Displays of the United States flag prompt three very different personal reactions.
First, I’m proud to be a U.S. citizen. The U.S. is far from perfect. The nation could more fully achieve all three dimensions of justice:
1. Commutative – not all people are equal at law (e.g., gays cannot marry in most states);
2. Legal – for example, the criminal justice system is not color blind and laws sometimes unnecessarily restrict freedom;
3. Distributive – the wealthy have disproportionate access to healthcare, political influence, and quality education for their children, for example.
Nevertheless, the U.S. is arguably in the forefront of just nations, generally values human freedom and dignity, and affords a superior standard and quality of life. I proudly served in the U.S. Navy for over two decades, prepared and willing to go into harm’s way to defend those principles.
Second, the misuse or incorrect display of the national flag bothers me. I learned the protocols regarding the flag as a Boy Scout and had them reinforced through my military service. The flag is not a decorative item (e.g., only display one flag) and one should appropriately dispose of worn, dirty, or tattered flags (not leaving the shreds to whip in the wind, e.g.). However, I strongly defend the right of protesters to use the flag as a vehicle for expressing free speech.
The flag is a national symbol. Respect for the symbol infuses that symbol with a power and meaning that few other symbols have. Veteran’s coffins may be draped with a flag; military personnel salute a flag passing in review; etc. The flag symbolizes the whole nation, both the good and the bad, the beautiful and the ugly. Thus, the flag is inherently an expression of speech. Denying protesters the option to use the flag as a means to express their protests denies those individuals a fundamental right enshrined in the U.S. Constitution and most religious and philosophical conceptions of basic human rights.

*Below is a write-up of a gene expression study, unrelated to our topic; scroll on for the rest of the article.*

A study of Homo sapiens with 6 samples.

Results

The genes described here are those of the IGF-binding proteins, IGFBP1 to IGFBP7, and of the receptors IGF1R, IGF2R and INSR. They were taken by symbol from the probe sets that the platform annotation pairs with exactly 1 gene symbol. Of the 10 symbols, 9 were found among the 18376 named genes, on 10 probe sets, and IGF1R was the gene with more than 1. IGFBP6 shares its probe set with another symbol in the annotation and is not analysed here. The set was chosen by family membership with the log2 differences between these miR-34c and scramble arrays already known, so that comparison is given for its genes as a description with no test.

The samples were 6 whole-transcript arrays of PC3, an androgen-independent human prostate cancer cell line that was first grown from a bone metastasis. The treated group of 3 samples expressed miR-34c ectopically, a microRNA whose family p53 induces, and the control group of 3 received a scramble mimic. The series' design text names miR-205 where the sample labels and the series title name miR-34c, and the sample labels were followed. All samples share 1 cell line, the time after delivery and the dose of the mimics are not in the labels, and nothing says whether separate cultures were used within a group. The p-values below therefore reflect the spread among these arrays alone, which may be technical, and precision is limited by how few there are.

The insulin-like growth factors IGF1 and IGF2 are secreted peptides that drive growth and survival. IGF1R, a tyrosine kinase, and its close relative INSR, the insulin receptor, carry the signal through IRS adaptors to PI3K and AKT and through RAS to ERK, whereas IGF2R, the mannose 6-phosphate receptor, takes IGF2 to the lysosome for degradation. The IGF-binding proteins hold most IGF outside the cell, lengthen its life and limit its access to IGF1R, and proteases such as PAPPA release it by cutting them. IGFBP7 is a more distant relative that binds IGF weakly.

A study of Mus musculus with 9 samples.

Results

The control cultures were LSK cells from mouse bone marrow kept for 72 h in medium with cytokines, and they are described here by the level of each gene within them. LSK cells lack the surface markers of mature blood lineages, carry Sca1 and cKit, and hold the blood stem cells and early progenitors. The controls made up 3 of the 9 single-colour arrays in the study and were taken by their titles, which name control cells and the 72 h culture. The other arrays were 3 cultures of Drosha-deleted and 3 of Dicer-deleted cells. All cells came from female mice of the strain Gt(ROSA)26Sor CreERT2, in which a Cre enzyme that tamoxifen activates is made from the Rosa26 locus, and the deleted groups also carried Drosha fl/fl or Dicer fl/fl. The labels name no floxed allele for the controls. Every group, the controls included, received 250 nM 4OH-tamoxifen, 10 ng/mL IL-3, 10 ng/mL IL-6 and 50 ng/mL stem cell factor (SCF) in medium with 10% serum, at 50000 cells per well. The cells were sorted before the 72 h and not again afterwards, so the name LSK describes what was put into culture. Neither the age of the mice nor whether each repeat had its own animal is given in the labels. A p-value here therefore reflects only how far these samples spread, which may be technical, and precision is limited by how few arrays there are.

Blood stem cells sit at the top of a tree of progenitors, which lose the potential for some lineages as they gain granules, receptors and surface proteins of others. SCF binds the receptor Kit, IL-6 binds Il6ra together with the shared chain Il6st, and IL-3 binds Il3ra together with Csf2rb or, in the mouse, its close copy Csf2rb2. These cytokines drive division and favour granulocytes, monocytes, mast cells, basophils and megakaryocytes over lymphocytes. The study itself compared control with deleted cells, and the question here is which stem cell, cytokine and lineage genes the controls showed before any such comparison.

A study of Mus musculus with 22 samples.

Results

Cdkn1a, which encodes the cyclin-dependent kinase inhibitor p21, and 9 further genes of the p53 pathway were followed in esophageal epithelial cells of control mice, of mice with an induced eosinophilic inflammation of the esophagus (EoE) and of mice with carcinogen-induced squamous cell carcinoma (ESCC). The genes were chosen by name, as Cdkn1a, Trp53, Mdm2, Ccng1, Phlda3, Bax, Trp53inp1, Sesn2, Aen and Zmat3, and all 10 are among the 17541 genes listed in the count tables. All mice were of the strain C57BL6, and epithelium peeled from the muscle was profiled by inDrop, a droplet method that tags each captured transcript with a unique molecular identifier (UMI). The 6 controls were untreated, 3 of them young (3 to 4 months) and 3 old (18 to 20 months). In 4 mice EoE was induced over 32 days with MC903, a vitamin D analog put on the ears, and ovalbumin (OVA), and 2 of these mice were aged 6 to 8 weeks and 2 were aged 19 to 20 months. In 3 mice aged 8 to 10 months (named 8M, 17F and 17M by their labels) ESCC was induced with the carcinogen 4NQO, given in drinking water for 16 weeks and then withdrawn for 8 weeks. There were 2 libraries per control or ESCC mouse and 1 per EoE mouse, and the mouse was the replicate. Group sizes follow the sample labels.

Third, displaying the U.S. flag in Christian religious settings – with one exception – upsets me. Christianity is not the official or unofficial religion of the United States. Christianity, rightly understood, is global not national. Too many people, especially internationally and among military personnel, have a proclivity to confuse Christianity and U.S. patriotism. Displaying the U.S. flag in Christian religious settings can reinforce those tendencies and communicate a mixed message to other people. My loyalty to the Church is deeper, far more basic, and much more inclusive than my patriotism. Consequently, I have had the flag removed from every military chapel that I served, except one (see the next paragraph). As a civilian, I’ve followed that policy for another reason: my congregations have typically included the citizens of other nations; displaying the U.S. flag and not the flags from their nations could send an unintended message that the U.S. is superior to those nations, a conclusion at odds with my theology and, in the case of Canada, difficult to justify.
Christianity should define and shape patriotism. The Chapel at the U.S. Naval Academy in Annapolis – my one exception to displaying the national ensign in a military setting – graphically and powerfully taught that message every Sunday. At the beginning of worship services, the midshipmen would carry the national flag as part of the opening procession. They would retire the flag from the Chapel as part of the concluding procession. However, before beginning the long walk down the center aisle to the rear doors, the midshipmen would dip the flag before the cross on the high altar. This act, which intentionally and appropriately violated the protocol that one never dips the U.S. flag to anyone or anything, symbolically declared the supremacy and primacy of God over country.